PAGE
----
Cooked in milk with soft fluffy slices of bread on top. White asparagus from Provence is a delicacy, which due to seasonally appearing is quite expensive and desirable. Although I grew up in Europe and have visited France several times, I had never eaten white asparagus from Provence until I came to the States, and what a huge difference it makes in taste and look to be grown in Provence. It is much bigger and fatter than regular size asparagus and you can buy it only in early spring until early summer, if you miss that short period you have to wait until next year.
I have only heard wonders about white asparagus from others, because I couldn’t justify to pay few times more than for green asparagus. But once I tried it, I immediately knew it was worth every penny. Compared to green asparagus, the locally cultivated so-called "white gold" or "edible ivory" asparagus, also referred to as "the royal vegetable”, is sweeter and much more tender.
Harvesting white asparagus is part of the mystery. Because white asparagus needs to be dug up while it is still hidden underground. The shoots are covered with soil as they grow, without exposure to sunlight, so the shoots remain white in color. Every stalk has to be coaxed from the sand by hand. The key to successful harvesting is to bend over and thrust the long tool into the soil from the side, not from above. Then jiggle it until it finds the center of the hard stalk and gently, firmly, lift it straight up. This requires strength (the stalks can be as much as an inch and a half in diameter) and balance.
Freshness is very important, and the lower parts must be peeled before cooking, and the hard ends cut off. I am sure there a plenty of recipes including white asparagus, but I like to keep it simple, steamed or cooked in milk married with home made mayonnaise, hollandaise sauce, vinaigrette, melted butter or parmesan and salt. Most recipes I found cook asparagus in water (heads sticking out of the water, stalks in a bundle). I cook mine in milk, I have learned this from a Per Se chef Jonathan, and after trying different ways of cooking this one is my favorite.
The asparagus season officially ends on June 24th so you still have few more weeks to enjoy this amazing vegetable.
1 lb of white asparagus from Provence
milk (enough to cover the asparagus)
few slices of white bread (I use challah or brioche)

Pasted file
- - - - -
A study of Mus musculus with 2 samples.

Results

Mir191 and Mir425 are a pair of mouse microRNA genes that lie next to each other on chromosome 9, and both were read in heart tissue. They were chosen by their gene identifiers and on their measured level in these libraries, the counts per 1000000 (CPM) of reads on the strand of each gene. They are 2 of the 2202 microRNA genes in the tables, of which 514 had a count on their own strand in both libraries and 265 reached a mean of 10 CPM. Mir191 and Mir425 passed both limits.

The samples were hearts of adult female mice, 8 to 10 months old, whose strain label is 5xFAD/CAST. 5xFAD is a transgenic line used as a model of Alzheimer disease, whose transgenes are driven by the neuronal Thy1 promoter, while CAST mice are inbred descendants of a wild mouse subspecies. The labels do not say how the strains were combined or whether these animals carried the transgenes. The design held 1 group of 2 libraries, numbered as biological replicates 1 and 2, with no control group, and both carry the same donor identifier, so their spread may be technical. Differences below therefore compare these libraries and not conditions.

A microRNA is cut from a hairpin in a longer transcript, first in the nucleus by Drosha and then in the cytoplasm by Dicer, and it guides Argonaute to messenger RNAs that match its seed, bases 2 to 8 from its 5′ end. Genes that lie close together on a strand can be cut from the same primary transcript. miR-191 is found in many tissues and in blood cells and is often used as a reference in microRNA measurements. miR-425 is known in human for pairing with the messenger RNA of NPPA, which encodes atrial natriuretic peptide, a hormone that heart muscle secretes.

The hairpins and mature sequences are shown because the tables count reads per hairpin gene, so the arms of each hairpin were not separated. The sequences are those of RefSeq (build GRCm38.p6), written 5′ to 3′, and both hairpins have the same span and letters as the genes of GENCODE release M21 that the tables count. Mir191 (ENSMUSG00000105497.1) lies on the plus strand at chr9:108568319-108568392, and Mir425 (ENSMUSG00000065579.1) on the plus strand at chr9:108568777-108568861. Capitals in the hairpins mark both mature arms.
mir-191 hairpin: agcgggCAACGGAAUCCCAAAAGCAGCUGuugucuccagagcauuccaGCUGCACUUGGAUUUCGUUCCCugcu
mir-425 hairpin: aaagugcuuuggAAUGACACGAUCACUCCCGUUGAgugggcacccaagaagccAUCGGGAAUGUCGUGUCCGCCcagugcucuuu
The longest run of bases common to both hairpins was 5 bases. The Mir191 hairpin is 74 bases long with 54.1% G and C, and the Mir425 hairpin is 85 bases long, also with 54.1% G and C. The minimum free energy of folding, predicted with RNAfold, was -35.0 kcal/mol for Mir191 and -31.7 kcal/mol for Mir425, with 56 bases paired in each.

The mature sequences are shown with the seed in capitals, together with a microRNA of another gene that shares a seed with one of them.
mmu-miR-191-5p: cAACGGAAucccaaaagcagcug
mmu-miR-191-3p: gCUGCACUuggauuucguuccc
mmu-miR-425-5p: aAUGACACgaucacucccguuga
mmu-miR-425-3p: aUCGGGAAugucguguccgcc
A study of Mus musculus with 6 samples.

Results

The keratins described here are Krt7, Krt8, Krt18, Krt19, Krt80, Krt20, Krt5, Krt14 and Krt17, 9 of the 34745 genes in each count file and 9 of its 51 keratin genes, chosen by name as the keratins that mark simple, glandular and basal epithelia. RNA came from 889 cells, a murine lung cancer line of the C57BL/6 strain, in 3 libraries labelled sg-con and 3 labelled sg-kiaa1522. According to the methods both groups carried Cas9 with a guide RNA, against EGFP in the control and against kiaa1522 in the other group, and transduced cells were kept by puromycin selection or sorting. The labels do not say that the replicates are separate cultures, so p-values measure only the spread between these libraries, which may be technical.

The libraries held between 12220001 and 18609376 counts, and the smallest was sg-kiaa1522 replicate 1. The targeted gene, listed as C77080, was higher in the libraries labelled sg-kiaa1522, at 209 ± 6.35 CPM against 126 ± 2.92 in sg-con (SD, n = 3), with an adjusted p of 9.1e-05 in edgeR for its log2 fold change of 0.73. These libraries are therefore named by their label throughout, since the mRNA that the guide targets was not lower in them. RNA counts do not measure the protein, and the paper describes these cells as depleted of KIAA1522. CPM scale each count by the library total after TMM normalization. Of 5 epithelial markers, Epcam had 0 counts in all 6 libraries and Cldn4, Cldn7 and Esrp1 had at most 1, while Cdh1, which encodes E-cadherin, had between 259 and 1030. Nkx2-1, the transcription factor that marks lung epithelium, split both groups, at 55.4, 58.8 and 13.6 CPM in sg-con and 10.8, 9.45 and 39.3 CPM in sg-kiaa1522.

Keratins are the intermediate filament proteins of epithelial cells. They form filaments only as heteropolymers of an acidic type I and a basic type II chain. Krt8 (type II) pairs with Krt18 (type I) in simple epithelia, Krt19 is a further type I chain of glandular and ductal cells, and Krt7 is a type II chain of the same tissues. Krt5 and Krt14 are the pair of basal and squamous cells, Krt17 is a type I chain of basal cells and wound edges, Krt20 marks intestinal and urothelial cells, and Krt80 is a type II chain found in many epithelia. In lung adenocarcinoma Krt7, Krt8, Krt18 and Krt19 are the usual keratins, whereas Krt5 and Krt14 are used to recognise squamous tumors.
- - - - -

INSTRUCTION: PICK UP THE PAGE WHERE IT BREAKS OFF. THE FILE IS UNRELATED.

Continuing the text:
Home made mayonnaise:
2 egg yolks
½ tsp. of whole grain mustard
½ tsp. of Dijon mustard
½ cup of grapeseed or canola oil
1 tbl of sherry vinegar
Clean the asparagus by peeling the skin off and cutting the ends.
In a wide pot (wide enough so the asparagus can be placed on the bottom without breaking the tips). Cover asparagus with milk; add a little bit of sugar and salt. Place slices of bread on top and cover with parchment paper. Boil for about 8-10 minutes.
In a food processor, combine egg yolks, mustard, vinegar and process until very smooth. With the machine running, add the oil in a very thin stream until it is fully incorporated and the sauce is thick and creamy. Add salt and pepper to taste.
Plate the asparagus; you can serve it warm or chilled with the sauce on the side.
Biale szparagi z Prowansji
Kilka kromek bialego pszennego chleba
Sos: mozna uzyc vinaigrette ( oliwa z oliwek, ocet winny, musztarda, czosnek, przyprawy, sol, pieprz)
½ lyzeczki muszardy francuskiej
½ lzyczeki musztardy Dijon
1 lyzka octu winnego ( najlepiej sherry )
½ szklanki oleju roslinnego.
Oczyscic szpragi – obrac z twardej skory I obciac twarde konce
W garnku o szerokim dnie ulozyc szparagi, uwazac aby nie polamac glowek. Zalac mlekiem, dodac sol I odrobine cukru. Na wierzchu ulozyc kromki chleba, I przykryc papierem do pieczenia. Gotowac przez 8-10 minut.
W robocie kuchenym zmiksowac wszystkie skladniki oprocz oleju, kiedy masa jest kremowa dodac olej , caly czas mieszajac, wlewac cienkim strumieniem do momentu kiedy wszystkie skladniki sa dokladnie wymieszane a majonez jest gesty I kremowy.
Ulozyc szpragi na talerzu, mozna podawac albo cieple albo zimne z sosem.